Cash registers with scanners are great. Especially for getting to grip with the nitty-gritty of a store, company or holding. That’s the theory, at least. Real life is, as always, different. The request for an analysis and reporting tool for the marketing department of a supermarket with more than 2,000 shops was a welcomed change, since we are normally involved in what is called robot journalism. But data are data.
So we started to investigate how our client was currently dealing with the millions of data sent from around 9,000 cash registers across Germany. It became one of the most complicated investigations of my life, even though I had worked for many years as a freelance journalist in the Middle East. That was easy stuff compared with a German supermarket chain.
“The data are pretty much coming in in real time” – so far, so good. A clear-cut statement. But it was the only thing to be clear in the next two weeks. There were project teams working on the data, joined by external data analysts, highly paid big data experts, teams composed of university students, guys from marketing, IT, accounting and finance. Then there were the executive assistants, tax consultants, controllers and, of course, the highly important and very expensive consultancies. No one group ever talked about the same data. Instead of being on the same page, everyone was off on their own page. Each interested party, each expert used their own analysis and, of course, the reports to the board, coming in at a delay of two to three weeks, were crap. Did anyone bother to read what the customers themselves were doing in the supermarkets? Probably not. They were busy reading opinions regarding the analysis of opinions on pre-selected data.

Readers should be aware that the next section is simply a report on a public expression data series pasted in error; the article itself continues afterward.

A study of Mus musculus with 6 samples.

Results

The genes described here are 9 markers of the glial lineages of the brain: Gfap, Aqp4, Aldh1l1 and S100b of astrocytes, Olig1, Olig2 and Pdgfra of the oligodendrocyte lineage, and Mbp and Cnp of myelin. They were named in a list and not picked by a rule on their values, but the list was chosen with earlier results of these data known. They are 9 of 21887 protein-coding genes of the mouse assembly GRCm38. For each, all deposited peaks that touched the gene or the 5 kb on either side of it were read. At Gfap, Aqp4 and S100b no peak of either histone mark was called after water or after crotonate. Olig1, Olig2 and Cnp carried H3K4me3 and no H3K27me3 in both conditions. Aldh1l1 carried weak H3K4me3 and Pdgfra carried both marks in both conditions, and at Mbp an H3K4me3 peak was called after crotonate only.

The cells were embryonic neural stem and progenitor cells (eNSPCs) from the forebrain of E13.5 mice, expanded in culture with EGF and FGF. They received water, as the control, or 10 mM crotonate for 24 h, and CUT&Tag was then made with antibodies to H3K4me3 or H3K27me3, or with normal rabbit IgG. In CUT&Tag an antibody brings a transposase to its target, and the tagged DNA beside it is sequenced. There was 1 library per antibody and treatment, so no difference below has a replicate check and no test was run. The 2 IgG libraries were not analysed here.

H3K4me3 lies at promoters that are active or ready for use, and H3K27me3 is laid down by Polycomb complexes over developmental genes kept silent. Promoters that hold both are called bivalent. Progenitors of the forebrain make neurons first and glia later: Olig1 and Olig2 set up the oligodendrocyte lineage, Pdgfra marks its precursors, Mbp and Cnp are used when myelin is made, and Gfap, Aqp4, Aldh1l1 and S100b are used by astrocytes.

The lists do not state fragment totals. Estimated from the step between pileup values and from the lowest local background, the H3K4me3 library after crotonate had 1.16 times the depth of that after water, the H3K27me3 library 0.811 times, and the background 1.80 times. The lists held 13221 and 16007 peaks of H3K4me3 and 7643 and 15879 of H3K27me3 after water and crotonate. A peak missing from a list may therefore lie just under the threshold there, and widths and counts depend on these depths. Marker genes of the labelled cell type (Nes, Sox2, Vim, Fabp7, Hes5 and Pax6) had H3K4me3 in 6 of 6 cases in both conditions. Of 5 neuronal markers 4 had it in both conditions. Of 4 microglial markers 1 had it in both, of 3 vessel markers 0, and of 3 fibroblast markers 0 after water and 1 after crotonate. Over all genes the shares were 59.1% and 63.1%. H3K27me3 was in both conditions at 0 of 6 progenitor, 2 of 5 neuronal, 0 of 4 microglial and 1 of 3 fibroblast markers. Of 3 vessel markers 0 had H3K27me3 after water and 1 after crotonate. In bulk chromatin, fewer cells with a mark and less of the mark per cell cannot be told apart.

We hit the ground running. First, we did the most important thing for the project: we explained to everybody working on the data that we were not the enemy. That we wanted to help everyone work easier and more efficiently by sharing with them the enormous amount of customer experience we had collected. We jettisoned the over-paid consultancies, but then this was something to be expected.
To make a long story short: after four weeks we presented the first analysis based on the daily deluge of data, distributed them to the different levels of management. The marketing board was close to tears when the first top-level summary was delivered directly to their smartphones, 80 lines, easy to read, with the “action required” points leading the way, all at a delay of 40 seconds to real time.
We know it’s still taking too long but we’re working on it.